FSR: a final hurdle for Microsoft software

Many software vendors are caught between a rock and a hard place, trying to balance the need to support legacy software against the threat of malware and malicious hackers.

Microsoft is perhaps the most visible example of the conflicts between legacy requirement, usability and security, but the company uses methods of managing the security risk, according to Michael Howard, a senior security program manager at Microsoft’s secure Windows initiative group.

Howard says a key to Microsoft’s security efforts is the Final Security Review (FSR), a comprehensive security examination of a product before releases. Products must pass before they ship, Howard says. “We have veto rights.”

Service Pack 2 for XP, due for final release later this month, passed its FSR in May, he says. The process took 10 weeks.

Other software vendors have expressed interest in the security programme at Microsoft. There are no plans to open the FSR to other companies, but Howard says certification will be required for software to run on Longhorn, Microsoft’s next-generation OS.

“To be in Windows [Longhorn] you must have done A, B and X,” Howard says. “The Windows certification group looks after that.”

Threat modelling is used to identify what type of vulnerabilities are most likely to occur and how an attacker is likely to attempt to find and exploit any weaknesses. Howard, who presented a session at Tech Ed on threat modelling, believes it’s impossible to build secure software unless the threat is understood.

He also works with some universities in the US and Britain to teach students how to consider security when writing and designing applications.

“The average graduate — let’s be honest — just doesn’t know how to build secure software,” he says. “There shouldn’t be anything hard about it.

“There are actually some very, very simple skills you can teach people.”

Still, some software can never be truly secure, particularly legacy code that is still needed by some customers or ISVs — for example, software that performs a function that necessarily compromises security, or offers a legacy API function that was not designed with security in mind. Howard agrees that some software included in even the most recent OS — Windows Server 2003 — will never pass an FSR, but Microsoft does recognise and manage the risk.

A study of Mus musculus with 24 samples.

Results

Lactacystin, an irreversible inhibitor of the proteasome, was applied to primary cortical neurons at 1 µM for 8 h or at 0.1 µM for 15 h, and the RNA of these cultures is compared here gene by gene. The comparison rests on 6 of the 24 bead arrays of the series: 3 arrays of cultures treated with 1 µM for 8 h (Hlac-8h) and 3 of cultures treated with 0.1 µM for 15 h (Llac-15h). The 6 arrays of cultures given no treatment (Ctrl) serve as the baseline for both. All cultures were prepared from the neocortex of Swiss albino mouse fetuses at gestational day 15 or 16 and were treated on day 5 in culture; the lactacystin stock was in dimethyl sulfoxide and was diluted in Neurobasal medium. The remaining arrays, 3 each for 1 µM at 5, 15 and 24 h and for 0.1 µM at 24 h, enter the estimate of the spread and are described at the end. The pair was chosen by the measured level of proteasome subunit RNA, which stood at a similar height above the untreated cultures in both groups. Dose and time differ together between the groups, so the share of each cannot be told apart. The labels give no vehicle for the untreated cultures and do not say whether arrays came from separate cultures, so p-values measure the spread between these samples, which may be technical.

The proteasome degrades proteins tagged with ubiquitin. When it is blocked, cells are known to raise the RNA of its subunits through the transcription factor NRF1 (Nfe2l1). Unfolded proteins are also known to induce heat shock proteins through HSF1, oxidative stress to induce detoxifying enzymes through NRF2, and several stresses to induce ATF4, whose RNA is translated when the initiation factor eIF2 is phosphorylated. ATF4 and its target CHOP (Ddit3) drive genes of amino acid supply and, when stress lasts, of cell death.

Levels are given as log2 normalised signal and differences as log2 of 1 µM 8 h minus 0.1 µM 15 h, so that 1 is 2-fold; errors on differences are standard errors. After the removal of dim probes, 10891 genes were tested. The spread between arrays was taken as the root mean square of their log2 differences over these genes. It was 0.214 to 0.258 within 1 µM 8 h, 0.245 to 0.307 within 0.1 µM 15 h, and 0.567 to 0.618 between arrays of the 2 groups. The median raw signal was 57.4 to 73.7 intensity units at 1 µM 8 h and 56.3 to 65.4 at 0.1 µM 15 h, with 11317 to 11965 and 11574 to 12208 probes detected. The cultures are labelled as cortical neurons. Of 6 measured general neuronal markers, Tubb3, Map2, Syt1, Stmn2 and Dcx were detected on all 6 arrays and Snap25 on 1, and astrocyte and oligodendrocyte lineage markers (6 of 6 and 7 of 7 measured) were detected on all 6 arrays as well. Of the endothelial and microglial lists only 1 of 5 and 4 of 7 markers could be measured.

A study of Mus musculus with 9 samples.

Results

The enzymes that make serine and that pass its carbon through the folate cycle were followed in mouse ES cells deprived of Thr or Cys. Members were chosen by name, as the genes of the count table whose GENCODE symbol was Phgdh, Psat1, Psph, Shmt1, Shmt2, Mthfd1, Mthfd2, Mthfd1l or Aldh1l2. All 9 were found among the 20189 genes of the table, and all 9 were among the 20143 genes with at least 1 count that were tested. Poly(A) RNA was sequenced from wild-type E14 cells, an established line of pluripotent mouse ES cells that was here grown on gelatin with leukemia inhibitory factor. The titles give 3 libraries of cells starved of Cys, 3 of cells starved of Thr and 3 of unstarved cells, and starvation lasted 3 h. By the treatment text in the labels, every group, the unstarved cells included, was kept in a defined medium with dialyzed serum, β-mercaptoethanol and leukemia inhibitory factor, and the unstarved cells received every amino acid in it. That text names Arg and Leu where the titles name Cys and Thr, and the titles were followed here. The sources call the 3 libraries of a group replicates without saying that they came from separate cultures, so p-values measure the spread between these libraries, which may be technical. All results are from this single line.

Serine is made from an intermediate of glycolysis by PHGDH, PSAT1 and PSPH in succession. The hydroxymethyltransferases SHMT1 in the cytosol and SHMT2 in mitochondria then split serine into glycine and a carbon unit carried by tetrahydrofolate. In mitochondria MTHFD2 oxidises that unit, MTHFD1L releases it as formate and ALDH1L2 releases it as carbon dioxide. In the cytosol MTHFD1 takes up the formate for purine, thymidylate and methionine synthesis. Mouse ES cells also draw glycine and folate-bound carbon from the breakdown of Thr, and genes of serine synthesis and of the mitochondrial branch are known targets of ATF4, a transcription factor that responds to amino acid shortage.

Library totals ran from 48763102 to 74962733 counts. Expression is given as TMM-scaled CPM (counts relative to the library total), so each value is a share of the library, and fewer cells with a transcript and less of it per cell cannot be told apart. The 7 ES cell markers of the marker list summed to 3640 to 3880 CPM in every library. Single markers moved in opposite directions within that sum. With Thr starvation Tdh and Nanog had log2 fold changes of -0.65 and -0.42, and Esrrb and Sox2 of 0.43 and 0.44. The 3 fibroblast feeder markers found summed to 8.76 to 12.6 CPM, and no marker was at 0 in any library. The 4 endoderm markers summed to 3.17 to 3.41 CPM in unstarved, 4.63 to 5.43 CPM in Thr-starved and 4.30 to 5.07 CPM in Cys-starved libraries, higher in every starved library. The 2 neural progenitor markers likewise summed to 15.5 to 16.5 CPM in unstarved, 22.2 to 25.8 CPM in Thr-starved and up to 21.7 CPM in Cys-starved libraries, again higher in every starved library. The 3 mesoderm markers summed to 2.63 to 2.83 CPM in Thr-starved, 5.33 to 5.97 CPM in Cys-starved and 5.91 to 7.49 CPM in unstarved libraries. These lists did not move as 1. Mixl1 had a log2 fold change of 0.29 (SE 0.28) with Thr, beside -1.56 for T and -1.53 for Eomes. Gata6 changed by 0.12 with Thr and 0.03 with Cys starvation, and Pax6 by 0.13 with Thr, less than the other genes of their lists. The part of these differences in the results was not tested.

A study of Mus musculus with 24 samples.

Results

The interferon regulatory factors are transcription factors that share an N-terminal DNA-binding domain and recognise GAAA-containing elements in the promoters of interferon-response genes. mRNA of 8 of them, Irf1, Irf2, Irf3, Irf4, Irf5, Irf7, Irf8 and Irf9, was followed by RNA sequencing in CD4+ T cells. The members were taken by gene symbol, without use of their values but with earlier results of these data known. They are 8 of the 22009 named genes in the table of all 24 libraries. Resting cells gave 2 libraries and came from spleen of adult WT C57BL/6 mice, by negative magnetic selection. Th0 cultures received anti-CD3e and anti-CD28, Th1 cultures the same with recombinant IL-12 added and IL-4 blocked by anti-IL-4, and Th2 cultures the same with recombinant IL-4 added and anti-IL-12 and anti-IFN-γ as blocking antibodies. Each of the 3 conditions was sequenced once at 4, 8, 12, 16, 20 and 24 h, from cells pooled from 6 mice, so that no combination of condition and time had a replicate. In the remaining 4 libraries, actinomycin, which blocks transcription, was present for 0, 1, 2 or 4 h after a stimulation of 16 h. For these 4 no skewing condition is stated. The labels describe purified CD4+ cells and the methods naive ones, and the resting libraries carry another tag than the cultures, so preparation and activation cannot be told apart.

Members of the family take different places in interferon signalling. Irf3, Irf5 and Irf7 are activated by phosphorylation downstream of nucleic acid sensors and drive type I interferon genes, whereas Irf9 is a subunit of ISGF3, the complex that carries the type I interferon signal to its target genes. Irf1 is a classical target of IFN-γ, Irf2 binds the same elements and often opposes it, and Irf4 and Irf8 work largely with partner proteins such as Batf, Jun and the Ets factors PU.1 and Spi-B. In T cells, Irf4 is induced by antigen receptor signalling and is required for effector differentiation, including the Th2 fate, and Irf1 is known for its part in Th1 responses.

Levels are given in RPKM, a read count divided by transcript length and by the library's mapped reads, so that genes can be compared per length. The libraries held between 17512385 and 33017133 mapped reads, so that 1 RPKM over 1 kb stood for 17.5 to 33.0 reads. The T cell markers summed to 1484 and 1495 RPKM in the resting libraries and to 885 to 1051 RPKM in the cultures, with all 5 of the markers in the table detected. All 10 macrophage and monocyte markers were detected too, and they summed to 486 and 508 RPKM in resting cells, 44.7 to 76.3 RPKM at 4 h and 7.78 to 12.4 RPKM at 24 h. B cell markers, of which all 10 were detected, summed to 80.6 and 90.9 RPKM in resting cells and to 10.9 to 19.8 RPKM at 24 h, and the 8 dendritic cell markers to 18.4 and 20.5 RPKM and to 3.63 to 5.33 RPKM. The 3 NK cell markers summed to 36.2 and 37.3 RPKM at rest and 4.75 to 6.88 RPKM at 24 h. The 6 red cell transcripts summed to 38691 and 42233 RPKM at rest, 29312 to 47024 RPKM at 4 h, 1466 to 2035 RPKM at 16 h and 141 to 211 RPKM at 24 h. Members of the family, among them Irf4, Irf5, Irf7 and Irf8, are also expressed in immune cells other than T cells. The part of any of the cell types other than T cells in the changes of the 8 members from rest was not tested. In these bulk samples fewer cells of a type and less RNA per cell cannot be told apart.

“There’s code that is essentially in kind of a maintenance mode. We tested a lot of stuff, recognising that it has defects,” Howard says.

He offers NetDDE is an example. NetDDE provides a shared clipboard among hosts on a network. Some customers still use it and it is still available, but Microsoft has now disabled NetDDE by default.

In addition, NetDDE still has an owner at Microsoft, who is familiar with its features and its flaws and can be called upon if problems arise. “It’s not just orphaned,” says Howard.

Legacy security problems aren’t limited to the Win32 API, he says. Microsoft has made 400 function changes in the C runtime library and submitted those changes to ISO, the standards body that oversees the C language, for adoption in a future version of C.

Microsoft’s C compiler will throw a warning when the insecure functions are used and will suggest a replacement, Howard says. Developers who ignore the suggestions and continue to use the older functions will probably find their product won’t get certified for Longhorn.

Similarly, Microsoft now tends to make security and privacy judgement calls on behalf of the user. Dialog boxes don’t inform the user if they are seen as a distraction and quickly clicked away. “People will read dialog boxes as ‘Do you want to get the job done’,” says Howard.

Ben Smith, a Microsoft security strategist, says secure default settings reduce the potential mistakes a user can make. “I think very much what software should do is eliminate the amount of knowledge a person should need to use something,” he says.

Smith believes computers are in now in a security Bronze Age. He’s not expecting the Renaissance anytime soon: the next step, he says, will be a kind of medieval or feudal period when governments and large corporations will have very secure, very expensive systems.

That doesn’t mean the rest of us will be left as cyberserfs. Eventually that technology will become affordable and useable enough for the rest of us, Smith says. “That’s typically how technology works.”